Coming off of a major debut at this year’s Berlin Film Festival (where the film’s director, the incomparable Christian Petzold, won Best Director), very few films have as much buzz behind them quite like the director’s latest work, Barbara. Already a potential Oscar nominee (it’s Germany’s entrant for Best Foreign Language film and seen as an early favorite for a nomination), the film has arrived domestically thanks to this year’s NYFF, and thankfully, it lives up to all the hype and then some.
An evocative bit of Cold War-fueled angst, Barbara tells the story of a doctor finding herself at work in the countryside following her exile. Sent away after looking to getting an exit visa, she is slowly planning an escape with her main squeeze, only to find herself falling for a co-worker and continually accosted by a mysterious and stone-faced Stasi agent. Starring Petzold regular Nina Hoss, the film is not only one of 2012’s most beautifully crafted feature films, but as almost an anti-thriller thriller, the film is a brooding meditation on paranoia that may be one of the year’s greatest films.
Working together for the fifth time, the pair of Hoss and Petzold are on the tops of their respective games. The film not only rests on the acting shoulders of star Hoss, but particularly on her face. Driven almost entirely through both glances and single looks, but people and their expressive reactions to these moments, the film relies more on the actors and their ability to emote than the written screenplay. The script itself is admittedly superb, but the pair of Petzold and Hoss have such a chemistry behind and in front of the camera, that the filmmaker truly understands that Hoss’ greatest attribute is the fire in her physicality.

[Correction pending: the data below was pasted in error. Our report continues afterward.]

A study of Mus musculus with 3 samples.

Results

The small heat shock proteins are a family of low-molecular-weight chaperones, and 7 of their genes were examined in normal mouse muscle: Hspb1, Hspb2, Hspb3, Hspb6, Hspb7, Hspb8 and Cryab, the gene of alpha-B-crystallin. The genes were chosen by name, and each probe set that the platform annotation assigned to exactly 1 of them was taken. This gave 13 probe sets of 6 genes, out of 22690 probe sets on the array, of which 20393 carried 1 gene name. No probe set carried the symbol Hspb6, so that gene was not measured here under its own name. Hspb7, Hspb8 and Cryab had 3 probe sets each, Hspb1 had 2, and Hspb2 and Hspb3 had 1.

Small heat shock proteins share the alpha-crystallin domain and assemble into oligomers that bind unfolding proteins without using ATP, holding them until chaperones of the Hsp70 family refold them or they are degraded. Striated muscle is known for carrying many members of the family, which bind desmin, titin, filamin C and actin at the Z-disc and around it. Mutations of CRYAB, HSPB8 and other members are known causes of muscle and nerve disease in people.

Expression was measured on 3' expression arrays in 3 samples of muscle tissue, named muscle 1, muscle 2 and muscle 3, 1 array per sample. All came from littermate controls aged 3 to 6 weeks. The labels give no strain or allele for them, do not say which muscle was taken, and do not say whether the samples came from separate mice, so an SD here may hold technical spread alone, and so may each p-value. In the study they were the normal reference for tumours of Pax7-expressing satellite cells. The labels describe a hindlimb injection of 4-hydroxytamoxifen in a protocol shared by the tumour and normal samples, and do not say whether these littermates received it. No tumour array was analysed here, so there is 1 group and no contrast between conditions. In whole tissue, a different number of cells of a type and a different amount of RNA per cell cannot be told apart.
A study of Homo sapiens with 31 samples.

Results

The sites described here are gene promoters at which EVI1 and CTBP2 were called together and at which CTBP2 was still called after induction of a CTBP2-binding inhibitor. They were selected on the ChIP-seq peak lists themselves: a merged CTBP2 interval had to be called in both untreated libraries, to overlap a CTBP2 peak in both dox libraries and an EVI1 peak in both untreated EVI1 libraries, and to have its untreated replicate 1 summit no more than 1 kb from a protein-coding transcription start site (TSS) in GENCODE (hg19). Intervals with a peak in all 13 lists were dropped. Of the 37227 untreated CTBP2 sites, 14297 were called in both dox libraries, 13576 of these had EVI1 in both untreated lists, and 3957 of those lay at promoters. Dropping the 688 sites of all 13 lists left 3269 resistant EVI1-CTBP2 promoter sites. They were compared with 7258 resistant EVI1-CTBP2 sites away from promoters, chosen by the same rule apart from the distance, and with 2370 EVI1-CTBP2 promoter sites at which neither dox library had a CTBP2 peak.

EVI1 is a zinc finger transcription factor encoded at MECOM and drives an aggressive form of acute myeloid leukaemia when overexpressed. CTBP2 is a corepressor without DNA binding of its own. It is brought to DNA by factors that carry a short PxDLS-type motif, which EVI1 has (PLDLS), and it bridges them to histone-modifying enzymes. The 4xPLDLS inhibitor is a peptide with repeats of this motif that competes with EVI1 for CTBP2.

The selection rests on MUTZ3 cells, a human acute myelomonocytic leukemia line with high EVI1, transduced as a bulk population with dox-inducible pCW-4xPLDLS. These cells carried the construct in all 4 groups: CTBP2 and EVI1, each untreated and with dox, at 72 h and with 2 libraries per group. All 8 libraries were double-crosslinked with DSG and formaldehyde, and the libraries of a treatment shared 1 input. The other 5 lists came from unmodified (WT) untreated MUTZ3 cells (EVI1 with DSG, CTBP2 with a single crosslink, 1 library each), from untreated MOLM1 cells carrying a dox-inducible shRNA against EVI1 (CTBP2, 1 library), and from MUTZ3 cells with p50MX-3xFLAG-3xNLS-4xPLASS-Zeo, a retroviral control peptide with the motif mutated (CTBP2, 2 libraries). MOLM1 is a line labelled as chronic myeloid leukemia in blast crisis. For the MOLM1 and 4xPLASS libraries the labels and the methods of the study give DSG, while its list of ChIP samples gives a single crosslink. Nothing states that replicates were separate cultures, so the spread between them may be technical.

Minimalist as any film you’ll see in 2012, Barbara holds its closest kin within the filmography of directors like Michael Haneke. Instead of acting as yet another cold crime thriller that fills Petzold’s canon, the frigid nature of his filmmaking is thrust upon a story seemingly ripped out of the pages of a gripping airplane-ready thriller novel. Always glossed over with this sheen of paranoia, the film itself doesn’t see much occur narratively. However, while everything about this film screams minimalism, it’s as gripping as any action-packed thriller you’ll see.
And Petzold is the film’s greatest attribute. Tossing over the film a chilly cloud of anxiety, the film is visually quite warm. Shooting the East German landscape lovingly, the film is drenched in sunlight warmth that only adds to the films overall aesthetic. Petzold doesn’t allow his frame too much movement, but for a film that is built entirely upon people and their reactions to each other, that only plays into the hand of the audience. The slowest of slow burns, when the film ultimately starts to sizzle, the film becomes as engrossing as a fire.
While the film’s molasses-slow pace may not allow for everyone to have a strong point of entry, those willing to dig deeply into this cold and distant feature will be engrossed in one of the most intriguing looks at paranoia that we’ve seen in quite some time. Led by the cinematic dynamic duo of director Christian Petzold and Nina Hoss, Barbara is a film that will not be easily forgotten by those who lay their eyes upon it. A film that plays like a Hitchcock thriller, even focusing on a beautiful blonde, just sans the piercing score and lively camera, the film will leave you looking behind your back at any given moment.